Upthere CEO Chris Bourdon answers your questions about the cloud on Too Embarrassed to Ask.

Seemingly every company wants to use their particular cloud to either back up your data or access it from multiple devices — but is that really worth the cost?

It depends on how much you value convenience, Upthere CEO Chris Bourdon says. Speaking on the latest episode of Too Embarrassed to Ask, Bourdon said the different cloud storage services all have different strengths.

“If you’re looking for a place to keep your photos — other than Upthere — I think Google Photos does a great job,” Bourdon said. “I think the problem is, each of these services focuses on a particular thing, and they try to do that one thing really well. Inevitably, if you want to get the best experience, you’re going to be using multiple clouds.”

“Google does a great job with photos,” he added. But “if you have an iPhone and you want to make sure that your phone is backed up, then iCloud is the only solution that you can get.”

Upthere’s pitch to consumers is that they should pay as they go for additional storage, at the rate of $2 per 100 GB of data per month. But Bourdon acknowledged that for an Apple-only household, the pull of Apple’s iCloud Photos may be too strong.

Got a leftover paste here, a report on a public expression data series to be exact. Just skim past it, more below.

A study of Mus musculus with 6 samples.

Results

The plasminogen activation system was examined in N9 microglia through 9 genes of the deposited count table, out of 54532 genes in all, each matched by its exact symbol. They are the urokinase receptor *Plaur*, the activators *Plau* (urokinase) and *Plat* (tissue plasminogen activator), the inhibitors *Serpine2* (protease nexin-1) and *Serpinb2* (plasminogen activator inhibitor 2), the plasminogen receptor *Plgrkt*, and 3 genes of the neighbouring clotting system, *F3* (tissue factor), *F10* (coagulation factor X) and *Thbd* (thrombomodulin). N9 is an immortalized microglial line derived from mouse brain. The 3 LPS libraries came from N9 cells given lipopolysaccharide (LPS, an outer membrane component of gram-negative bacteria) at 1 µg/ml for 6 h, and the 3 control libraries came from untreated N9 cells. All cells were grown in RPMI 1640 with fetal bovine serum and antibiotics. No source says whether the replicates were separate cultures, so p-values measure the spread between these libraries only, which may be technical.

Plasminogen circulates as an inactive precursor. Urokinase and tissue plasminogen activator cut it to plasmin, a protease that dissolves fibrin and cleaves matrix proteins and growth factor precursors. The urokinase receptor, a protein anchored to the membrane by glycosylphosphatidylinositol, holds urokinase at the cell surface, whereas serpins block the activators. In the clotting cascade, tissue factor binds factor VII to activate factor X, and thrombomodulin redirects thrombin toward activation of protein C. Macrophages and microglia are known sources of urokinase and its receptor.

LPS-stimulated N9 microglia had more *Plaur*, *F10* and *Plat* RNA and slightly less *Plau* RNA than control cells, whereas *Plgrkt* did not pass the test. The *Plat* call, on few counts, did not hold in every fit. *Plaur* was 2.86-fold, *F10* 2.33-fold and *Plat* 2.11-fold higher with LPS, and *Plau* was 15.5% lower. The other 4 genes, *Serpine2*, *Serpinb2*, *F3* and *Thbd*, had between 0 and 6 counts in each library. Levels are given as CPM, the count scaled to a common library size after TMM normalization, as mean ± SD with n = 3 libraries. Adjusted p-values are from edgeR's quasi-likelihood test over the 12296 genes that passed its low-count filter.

“If you’re committed to Apple, there’s nothing that’s going to be easier,” he said. “They have access to the devices that other developers don’t have. I don’t think that necessarily makes it easier.”

And what if you, the hypothetical iPhone owner, decide to skip Apple’s next phone and buy a Google Pixel instead? Bourdon says that’s another good reason to choose your photos’ home carefully.

“I think having that kind of independence of that data from our devices is pretty important,” he said. “When you start putting your eggs in one basket, so to speak, you’re really exposing yourself — not only to the fickleness of the company and how they decide they’re going to pursue their business in the future, but also just the security of that company and the longevity of that company.”